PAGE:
Best Practices on Parts and Accessories Inventories

Best Practices on Parts and Accessories Inventories
Date Created: 2009-03-26

Here are some best practices that can help your parts department improve efficiency and profits:

Test & Monitor Demands

Mike Nicholes, author of Advanced Inventory Management, advises strict monitoring of demand for parts through understanding and using computer system reports.  Having computers to place parts orders and pull parts numbers is one thing, but using the wealth of data through reports to manage wisely is something else.

Keeping an accurate handle on inventory turns in the parts department is critical to making sure you have the right parts on hand, eliminating overstocking items, and avoiding a costly build up of obsolete parts.   “If you don’t test demand for parts, you’re guessing . . . and guessing wastes money,” Nicholes said.

RV distributors are helping to take the guesswork out of parts ordering through custom computer programs that allow managers to replenish fast moving items, and “cycle out” slower moving parts.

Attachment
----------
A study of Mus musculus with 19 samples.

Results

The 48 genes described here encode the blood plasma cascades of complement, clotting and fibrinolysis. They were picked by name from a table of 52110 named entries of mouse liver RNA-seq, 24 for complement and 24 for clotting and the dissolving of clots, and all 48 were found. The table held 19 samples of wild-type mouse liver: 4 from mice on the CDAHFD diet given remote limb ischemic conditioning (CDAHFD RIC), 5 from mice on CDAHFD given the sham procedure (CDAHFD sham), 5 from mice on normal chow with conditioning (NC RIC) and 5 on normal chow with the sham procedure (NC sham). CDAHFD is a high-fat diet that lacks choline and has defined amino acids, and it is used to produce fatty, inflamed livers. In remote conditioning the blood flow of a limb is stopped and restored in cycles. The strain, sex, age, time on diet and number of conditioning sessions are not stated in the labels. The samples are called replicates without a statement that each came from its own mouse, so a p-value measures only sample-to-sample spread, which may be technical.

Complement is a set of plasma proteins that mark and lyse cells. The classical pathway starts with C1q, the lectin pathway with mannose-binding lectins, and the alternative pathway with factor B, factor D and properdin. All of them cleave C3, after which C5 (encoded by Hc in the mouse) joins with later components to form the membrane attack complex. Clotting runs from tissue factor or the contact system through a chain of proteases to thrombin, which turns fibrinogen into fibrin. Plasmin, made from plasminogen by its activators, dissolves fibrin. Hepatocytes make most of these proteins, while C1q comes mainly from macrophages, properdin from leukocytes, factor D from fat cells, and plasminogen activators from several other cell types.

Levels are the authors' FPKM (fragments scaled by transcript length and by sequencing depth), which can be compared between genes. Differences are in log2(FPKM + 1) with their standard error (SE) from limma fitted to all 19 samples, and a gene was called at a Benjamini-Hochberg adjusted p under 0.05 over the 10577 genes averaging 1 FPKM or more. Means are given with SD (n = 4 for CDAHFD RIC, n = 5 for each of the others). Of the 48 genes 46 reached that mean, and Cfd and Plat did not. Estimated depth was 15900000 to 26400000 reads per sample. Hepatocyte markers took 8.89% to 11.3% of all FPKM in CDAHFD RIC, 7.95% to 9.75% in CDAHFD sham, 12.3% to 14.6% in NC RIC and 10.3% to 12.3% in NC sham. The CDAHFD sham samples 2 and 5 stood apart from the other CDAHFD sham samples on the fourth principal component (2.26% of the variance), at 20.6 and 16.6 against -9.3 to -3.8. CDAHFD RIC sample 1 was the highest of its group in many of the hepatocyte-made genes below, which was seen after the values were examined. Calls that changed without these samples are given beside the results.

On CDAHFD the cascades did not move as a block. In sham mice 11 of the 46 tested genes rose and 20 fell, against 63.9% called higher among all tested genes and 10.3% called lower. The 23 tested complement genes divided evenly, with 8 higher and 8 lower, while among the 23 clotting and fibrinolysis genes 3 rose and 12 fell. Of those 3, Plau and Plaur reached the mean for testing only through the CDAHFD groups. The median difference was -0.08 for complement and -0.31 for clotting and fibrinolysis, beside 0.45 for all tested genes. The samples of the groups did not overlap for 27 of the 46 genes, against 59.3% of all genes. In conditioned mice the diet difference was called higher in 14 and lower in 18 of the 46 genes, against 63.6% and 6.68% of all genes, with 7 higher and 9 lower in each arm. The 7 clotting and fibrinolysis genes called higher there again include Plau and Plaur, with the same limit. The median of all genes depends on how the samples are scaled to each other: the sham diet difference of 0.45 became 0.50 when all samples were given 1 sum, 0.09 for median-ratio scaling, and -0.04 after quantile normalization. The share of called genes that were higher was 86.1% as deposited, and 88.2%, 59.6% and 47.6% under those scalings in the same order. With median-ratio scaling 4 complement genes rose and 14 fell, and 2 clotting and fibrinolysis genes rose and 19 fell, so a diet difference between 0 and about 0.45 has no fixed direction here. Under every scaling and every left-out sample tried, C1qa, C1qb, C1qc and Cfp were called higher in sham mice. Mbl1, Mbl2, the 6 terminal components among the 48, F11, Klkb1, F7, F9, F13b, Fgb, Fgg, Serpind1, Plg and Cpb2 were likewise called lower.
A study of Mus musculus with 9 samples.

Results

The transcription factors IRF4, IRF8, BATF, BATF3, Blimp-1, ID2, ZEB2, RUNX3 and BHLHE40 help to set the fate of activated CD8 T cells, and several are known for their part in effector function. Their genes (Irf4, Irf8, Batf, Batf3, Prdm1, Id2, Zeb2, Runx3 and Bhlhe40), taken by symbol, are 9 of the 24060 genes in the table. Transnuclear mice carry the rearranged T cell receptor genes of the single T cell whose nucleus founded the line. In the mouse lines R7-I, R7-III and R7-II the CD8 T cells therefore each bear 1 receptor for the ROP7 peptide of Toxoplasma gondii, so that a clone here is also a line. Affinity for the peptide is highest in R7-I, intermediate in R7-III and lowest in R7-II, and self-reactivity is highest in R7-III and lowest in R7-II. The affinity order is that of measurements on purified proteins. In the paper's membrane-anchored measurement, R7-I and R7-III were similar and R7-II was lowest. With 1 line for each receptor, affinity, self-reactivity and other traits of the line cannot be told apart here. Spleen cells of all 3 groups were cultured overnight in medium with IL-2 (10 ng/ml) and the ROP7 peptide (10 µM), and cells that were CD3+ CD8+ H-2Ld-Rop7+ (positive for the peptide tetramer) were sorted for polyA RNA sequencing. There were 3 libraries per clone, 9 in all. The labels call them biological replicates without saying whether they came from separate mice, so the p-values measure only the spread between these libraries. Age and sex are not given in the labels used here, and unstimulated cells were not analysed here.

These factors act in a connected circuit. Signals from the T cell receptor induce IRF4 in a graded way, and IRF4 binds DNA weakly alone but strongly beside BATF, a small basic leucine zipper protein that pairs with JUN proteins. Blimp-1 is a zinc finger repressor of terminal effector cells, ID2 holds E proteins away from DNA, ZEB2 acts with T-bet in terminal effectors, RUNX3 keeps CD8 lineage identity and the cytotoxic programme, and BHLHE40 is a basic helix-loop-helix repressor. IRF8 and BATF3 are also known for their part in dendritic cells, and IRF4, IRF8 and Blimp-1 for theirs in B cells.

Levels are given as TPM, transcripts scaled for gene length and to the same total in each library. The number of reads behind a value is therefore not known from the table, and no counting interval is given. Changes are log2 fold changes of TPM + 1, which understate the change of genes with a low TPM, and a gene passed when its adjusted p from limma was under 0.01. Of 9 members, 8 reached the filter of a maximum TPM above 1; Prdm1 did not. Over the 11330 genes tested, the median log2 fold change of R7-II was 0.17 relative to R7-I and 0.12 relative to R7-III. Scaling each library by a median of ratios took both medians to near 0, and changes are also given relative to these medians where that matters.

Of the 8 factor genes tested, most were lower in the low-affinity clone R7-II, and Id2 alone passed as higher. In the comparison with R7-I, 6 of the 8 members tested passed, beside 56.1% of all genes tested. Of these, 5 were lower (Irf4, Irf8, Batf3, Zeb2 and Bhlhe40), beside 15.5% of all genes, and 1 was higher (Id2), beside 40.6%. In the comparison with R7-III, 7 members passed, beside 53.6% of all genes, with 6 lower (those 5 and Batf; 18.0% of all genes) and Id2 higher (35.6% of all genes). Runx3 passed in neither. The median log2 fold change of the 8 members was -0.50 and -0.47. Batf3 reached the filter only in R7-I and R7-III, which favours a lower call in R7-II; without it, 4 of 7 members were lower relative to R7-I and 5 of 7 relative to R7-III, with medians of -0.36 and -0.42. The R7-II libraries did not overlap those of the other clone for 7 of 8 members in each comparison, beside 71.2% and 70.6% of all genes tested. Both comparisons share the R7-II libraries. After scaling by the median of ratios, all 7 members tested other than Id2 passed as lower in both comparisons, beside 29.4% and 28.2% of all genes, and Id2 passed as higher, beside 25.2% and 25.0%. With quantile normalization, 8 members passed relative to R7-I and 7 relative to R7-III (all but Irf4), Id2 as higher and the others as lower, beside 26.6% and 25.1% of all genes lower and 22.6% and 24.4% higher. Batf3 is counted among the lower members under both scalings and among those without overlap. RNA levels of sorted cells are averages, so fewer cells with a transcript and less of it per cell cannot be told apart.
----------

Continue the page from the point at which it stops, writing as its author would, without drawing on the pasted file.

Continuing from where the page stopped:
Track “Lost Sales”

It takes discipline, but Nicholes says it’s a good idea to record every “lost sale” due to the part being out of stock.  “Post all of them . . . all the time, by everyone who deals with parts customers,” says Nicoles.  “A good lost sale tracking system helps tell you what to stock.”

Again, the penalty for relying on anecdotal “lost sales” input from employees is that you are speculating, which can lead to some expensive mistakes.

Track “Emergency Purchases ”

A measurement that can help parts department efficiency is tracking “emergency purchases.”  Nicholes says emergency purchases of the same item over and over produce less profit, tie up technicians, and reduce overall shop efficiency.